Seatbelts and the Risk of Auto Injury
Orthopedic surgeons and neurosurgeons at the Medical College of Wisconsin see a lot of spine injuries in patients who have been in an auto accident. You may not be aware of it, but the leading cause of spine injuries in your midback (thoracic) and low back (lumbar) areas is auto accidents.
In a study, doctors evaluated records of 4572 patients between 1996 and 2011 entered into the Crash Injury Research and Engineering Network database who were moderately to severely injured in an auto accident. They looked for what these patients had in common.
Of 631 patients who had injuries to the thoracic and lumbar spine, almost 47% of the patients had major injuries while 53% had minor injuries. These injuries could be categorized as flexion-distraction injuries where the person has had an injury from the upper body and head moving towards their knees in the auto accident, or extension injuries where the body bends backward.
If the auto accident caused a flexion-distraction injury, the victim was usually a child or young adult. Those suffering from extension injuries were usually older adults with an average age of 65 years old, and were overweight. The auto accidents that caused extension injuries were the worst, as the fatality rate was almost 24%. Other auto accidents had a fatality rate of about 11%.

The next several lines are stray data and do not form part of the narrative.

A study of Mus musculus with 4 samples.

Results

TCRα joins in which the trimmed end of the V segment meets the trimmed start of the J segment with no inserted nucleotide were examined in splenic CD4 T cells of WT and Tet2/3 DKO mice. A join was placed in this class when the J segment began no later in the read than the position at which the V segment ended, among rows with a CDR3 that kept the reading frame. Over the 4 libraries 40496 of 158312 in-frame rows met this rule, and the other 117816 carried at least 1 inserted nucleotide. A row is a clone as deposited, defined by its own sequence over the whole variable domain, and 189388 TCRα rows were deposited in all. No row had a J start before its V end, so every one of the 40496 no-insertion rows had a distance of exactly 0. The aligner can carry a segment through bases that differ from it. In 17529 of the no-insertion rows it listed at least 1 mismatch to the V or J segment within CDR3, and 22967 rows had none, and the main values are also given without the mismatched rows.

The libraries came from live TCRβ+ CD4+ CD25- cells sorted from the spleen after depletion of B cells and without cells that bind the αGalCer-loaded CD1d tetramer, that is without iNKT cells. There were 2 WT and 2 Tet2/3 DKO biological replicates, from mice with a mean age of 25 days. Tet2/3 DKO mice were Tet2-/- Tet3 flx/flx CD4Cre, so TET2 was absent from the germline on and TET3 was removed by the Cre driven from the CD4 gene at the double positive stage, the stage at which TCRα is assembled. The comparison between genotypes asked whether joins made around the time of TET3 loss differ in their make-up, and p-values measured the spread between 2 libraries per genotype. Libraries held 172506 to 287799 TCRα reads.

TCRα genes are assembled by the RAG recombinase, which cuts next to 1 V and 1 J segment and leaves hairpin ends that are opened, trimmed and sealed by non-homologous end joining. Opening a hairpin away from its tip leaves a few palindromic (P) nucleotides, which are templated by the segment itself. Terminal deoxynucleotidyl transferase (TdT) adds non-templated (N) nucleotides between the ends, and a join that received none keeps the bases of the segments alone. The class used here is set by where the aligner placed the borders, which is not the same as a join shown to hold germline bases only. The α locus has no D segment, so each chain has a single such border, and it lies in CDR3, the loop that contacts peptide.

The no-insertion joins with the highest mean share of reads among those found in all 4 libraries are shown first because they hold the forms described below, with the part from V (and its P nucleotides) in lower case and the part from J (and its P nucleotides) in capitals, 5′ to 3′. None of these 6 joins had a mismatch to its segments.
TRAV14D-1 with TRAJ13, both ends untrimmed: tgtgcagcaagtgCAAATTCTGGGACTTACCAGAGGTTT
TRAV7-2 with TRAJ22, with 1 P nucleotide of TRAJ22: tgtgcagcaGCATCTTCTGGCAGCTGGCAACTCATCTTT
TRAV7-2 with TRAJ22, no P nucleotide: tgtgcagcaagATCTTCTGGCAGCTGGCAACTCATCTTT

The doctors discovered that if the auto accident caused minor injuries to the thoracic and lumbar spine, the patients' injuries were worse. This was because they were usually abdominal and pelvic injuries.
Interestingly, there was a difference between those who used a two-point belted seatbelt versus a three-point belted seatbelt. The three-point seat belts protected against neurological injury, fatality, and worse injuries. However, in the auto accident, those who were wearing the three-point seatbelts were more than three times more likely to have fractures of the spine than with the two-point seatbelts. Those who used two-point belted seatbelts had flexion-distraction injuries most of the time. Those who didn't wear a seatbelt at all had a higher risk of having spinal fractures in the thoracic and lumbar areas as well as dislocations.
This tells us that in an auto accident, using seatbelts will reduce injury severity of mortality but at the same time, it will also increase the likelihood of a vertebrae fracture in the thoracic and lumbar spine.
If you have been injured in an auto accident, seek proper medical and chiropractic care. Utilizing both together will help speed your recovery.
Rao, R.D., et al. Occupant and crash characteristics in the thoracic and lumbar spine injuries resulting from motor vehicle collisions. Spine Journal 2014.